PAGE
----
In terrestrial zoology, megafauna (Ancient Greek megas "large" + New Latin fauna "animal") are large or giant animals. The most common thresholds used are 45 kilograms (100 lb) or 100 kilograms (220 lb). This thus includes many species not popularly thought of as overly large, such as white-tailed deer and red kangaroo, and even humans.
In practice, the most common usage encountered in academic and popular writing describes land animals roughly larger than a human that are not (solely) domesticated. The term is especially associated with the Pleistocene megafauna — the land animals often larger than modern counterparts considered archetypical of the last ice age, such as mammoths, the majority of which in the Americas and Australia became extinct fairly recently (10,000-40,000 years ago). It is also commonly used for the largest extant wild land animals, especially elephants, giraffes, hippopotamuses, rhinoceroses, and large bovines. Megafauna may be subcategorized by their trophic position into megaherbivores (e.g. elk), megacarnivores (e.g. lions), and more rarely, megaomnivores (e.g. bears).
The brown bear (Ursus arctos) is a large bear distributed across much of northern Eurasia and North America. Adult bears generally weigh between 100 and 635 kg (220 and 1,400 lb) and its largest subspecies, the Kodiak bear, rivals the polar bear as the largest member of the bear family and as the largest land-based predator. There are several recognized subspecies within the brown bear species. In North America, two types are generally recognized, the coastal brown bear and the inland grizzly bear, and the two types could broadly define all brown bear subspecies. An adult grizzly living inland in Yukon may weigh as little as 80 kg (180 lb), while an adult brown bear in nearby coastal Alaska living on a steady, nutritious diet of spawning salmon may weigh as much as 680 kg (1,500 lb). The exact number of overall brown subspecies remains in debate.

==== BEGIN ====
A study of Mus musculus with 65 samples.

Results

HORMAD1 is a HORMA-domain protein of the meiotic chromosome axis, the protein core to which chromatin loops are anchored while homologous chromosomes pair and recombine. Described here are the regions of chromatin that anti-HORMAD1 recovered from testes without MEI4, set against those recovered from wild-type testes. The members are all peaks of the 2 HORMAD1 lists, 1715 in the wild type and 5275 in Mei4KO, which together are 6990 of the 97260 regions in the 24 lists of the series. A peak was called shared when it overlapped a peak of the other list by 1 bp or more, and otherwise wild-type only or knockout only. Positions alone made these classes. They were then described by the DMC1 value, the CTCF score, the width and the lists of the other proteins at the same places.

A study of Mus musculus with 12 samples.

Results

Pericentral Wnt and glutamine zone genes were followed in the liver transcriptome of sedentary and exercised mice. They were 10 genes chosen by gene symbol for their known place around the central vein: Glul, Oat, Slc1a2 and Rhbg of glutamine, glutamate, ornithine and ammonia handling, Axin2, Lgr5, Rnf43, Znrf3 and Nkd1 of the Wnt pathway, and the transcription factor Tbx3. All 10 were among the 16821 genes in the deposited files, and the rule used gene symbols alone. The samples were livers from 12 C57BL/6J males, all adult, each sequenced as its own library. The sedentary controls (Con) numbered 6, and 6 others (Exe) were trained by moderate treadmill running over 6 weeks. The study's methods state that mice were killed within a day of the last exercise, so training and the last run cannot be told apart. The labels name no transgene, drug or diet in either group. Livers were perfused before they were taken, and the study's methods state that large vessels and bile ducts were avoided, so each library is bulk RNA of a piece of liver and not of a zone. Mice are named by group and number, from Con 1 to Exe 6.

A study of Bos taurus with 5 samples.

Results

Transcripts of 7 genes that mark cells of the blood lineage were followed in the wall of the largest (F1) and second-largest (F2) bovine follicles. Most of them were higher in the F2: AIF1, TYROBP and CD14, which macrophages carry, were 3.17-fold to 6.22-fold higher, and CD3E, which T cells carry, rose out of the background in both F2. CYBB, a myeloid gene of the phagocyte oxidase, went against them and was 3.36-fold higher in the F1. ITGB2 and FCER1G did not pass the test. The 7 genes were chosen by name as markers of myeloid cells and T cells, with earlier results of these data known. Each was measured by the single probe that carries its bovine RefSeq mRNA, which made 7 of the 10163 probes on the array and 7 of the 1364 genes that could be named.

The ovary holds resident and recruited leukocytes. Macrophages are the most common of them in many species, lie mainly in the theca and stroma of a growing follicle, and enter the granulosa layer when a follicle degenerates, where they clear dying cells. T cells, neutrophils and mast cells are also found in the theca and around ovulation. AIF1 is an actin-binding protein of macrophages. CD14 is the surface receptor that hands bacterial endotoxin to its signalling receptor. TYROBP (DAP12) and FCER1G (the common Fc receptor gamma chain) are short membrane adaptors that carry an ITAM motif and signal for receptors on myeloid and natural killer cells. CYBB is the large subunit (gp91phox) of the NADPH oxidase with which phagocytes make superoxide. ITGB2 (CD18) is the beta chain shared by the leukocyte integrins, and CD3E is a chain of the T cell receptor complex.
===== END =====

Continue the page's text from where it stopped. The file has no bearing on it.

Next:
While the brown bear's range has shrunk and it has faced local extinctions, it remains listed as a least concern species by the IUCN with a total population of approximately 200,000. As of 2012, this and the American black bear are the only bear species not classified as threatened by the IUCN. However, the Californian, North African (Atlas bear), and Mexican subspecies were hunted to extinction in the nineteenth and twentieth centuries and the Marsican brown bear in central Italy is believed to have a population of just 30 to 40 bears.